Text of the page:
Making Windows Server Core Containers 40% Smaller

Published 12-10-2019 12:09 PM 4,530 Views

Windows Server Insider Preview builds have brought an exciting change to the Windows Server Core Container base image that we’d like to share with you. The Server Core Insider container base image download size is over 40% smaller than the 1903 base image, and container startup into Windows PowerShell is 30% faster!


This should be a big win for scaling applications in production, CI/CD, and any other workflow that benefits from faster startup or pulls uncached images.


The new images are currently available on the windows/servercore/insider repo on Docker Hub, and will land on the windows/servercore repo with our 20H1 release.


What changed?

For performance benefits, Server Core containers have always included a set of .NET pre-compiled native images generated by the Native Image Generator tool (Ngen.exe) to improve startup performance. Starting with our Insider images, the Server Core base image will include a much smaller set of NGEN images.

A larger set is included in .NET Framework runtime images (which are based on Windows Server Core), however, the .NET Framework runtime images are also much smaller because we can now ensure that there is only one copy of each NGEN image. Additionally, The NGEN images in the .NET Framework runtime image are now more intentionally selected to target ASP.NET and PowerShell performance. Tests have shown that container startup into Windows PowerShell has improved by 45% when using the Insider-based .NET Framework runtime image compared to the 1903 .NET Framework image.

How exactly have the sizes changed over time? Depends on what you measure sizes. Using the .NET team's method for retrieving Docker Image Sizes, here is how the latest Insider image compares to the first generally available* 1903 image, released in May 2019:


*[May, 22, 2020 Update]: Note that the 1903 image at time of general availability, includes an RTM ("Release to Manufacturing") layer, as well as a second layer containing a collection of monthly updates that accumulate over time.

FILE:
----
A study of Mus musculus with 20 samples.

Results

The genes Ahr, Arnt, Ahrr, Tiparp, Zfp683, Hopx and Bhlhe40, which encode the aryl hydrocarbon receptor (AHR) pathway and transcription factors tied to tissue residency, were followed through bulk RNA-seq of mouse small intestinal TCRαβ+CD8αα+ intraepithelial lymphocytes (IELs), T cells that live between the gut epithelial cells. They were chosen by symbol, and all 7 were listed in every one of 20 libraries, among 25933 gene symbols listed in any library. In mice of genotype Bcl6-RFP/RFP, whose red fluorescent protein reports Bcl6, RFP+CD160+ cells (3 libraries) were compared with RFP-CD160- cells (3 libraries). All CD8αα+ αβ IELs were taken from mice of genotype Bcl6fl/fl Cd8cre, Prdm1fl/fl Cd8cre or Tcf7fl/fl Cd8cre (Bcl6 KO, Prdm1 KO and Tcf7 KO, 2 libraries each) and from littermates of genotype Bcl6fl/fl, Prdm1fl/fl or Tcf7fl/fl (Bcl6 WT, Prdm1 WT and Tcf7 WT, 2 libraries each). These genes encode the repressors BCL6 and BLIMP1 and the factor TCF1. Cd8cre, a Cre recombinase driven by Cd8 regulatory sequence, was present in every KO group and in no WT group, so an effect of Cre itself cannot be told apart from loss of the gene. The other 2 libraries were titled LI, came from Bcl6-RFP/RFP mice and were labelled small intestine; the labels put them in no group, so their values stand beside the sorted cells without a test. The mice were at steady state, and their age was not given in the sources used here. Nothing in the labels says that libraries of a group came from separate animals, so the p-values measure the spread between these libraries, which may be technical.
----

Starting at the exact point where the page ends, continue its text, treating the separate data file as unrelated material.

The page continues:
1903 GA 20H1
Download Size (GB) 1.92 1.13 -41%
Size on Disk (GB) 4.63 2.63 -43%


Note that running docker pull on the latest Insider image at the time of writing (Insider Build 19023) will display a download size of 1.22. This is because Docker's method for calculating differs slightly from the method linked above.


Image sizes fluctuate month-to-month as they receive monthly servicing updates. The results of the metrics referenced in this and other related blogs will fluctuate accordingly. Note that the size of 1903 used as a benchmark in the related blogs below are based on a a more recent version of 1903, one that has been serviced with several monthly patches that each cause size increases.

Check out the .NET Blog for a deeper dive into these changes, and the PowerShell Blog for PowerShell-centric guidance.


What does this mean?

Two things to keep in mind:

  • These changes will remain available for preview to registered Insiders on all current and upcoming builds featured on the windows/servercore/insider repo, and are expected to be Generally Available in the 20H1 windows/servercore release in 2020
  • Going forward, container images that make significant use of .NET Framework or Windows PowerShell should be built on top of the dotnet/framework/runtime container images, which will include additional .NET pre-compiled native images to maintain performance for those scenarios.

Note that while tests show that container startup into Windows PowerShell is 30% faster when using the Insider Server Core image when compared to 1903, Windows PowerShell startup within a running container is 100ms (15%) slower for the Insider image and 20ms (15%) slower on the Insider-based .NET Framework runtime image, when compared to their respective 1903 equivalents.

We’d love for you to test out the smaller Server Core image today on windows/servercore/insider and give us your feedback! Also, remember to check out the .NET blog and look out for corresponding .NET Framework images when 20H1 Windows Server Core containers are Generally Available.



Awesome work :cool:


Excellent Work !!


Occasional Contributor

servercore:1903 is 5.05GB on disk:

docker images | findstr.exe 1903
REPOSITORY                             TAG                 IMAGE ID            CREATED             SIZE   1903                1ef8f4bec5fd        6 weeks ago         5.05GB              1903                bcfed1398664        6 weeks ago         13.1GB   1903                ea84758f7458        6 weeks ago         256MB

It is a lot of bits to move around.



Hello Awesome Windows Server Team, @markosmezgebu, @taylorb_msft

we are in the process of re-platforming an enterprise application to the Windows Containers.

our application is running with .Net Framework and can run on a Virtual Machine with
Windows Server Core 2019 + "app compat Feat on demand"

When we try to do the same install with the containers, the installer for the "App Compat FoD" Fails inside the container build.
So we can't seem to be able to find a good way to add the missing libraries inside a Windows Core 2019 Container,
and we are only left with the choice of using the "full windows image" container.

What is the easiest way to add the libraries from the "App Compat FoD" into the Win Server Core Container 2019 ?
Would Microsoft consider building a "Windows Core 2019 Container ++ ? " which would include the App Compate FoD ?

I would bet that there are many companies trying to move ".Net Framework" applications to Containers,
without/before re-writing them in ".Net Core". so you would really be helping all of us out there if you can show a way to handle this.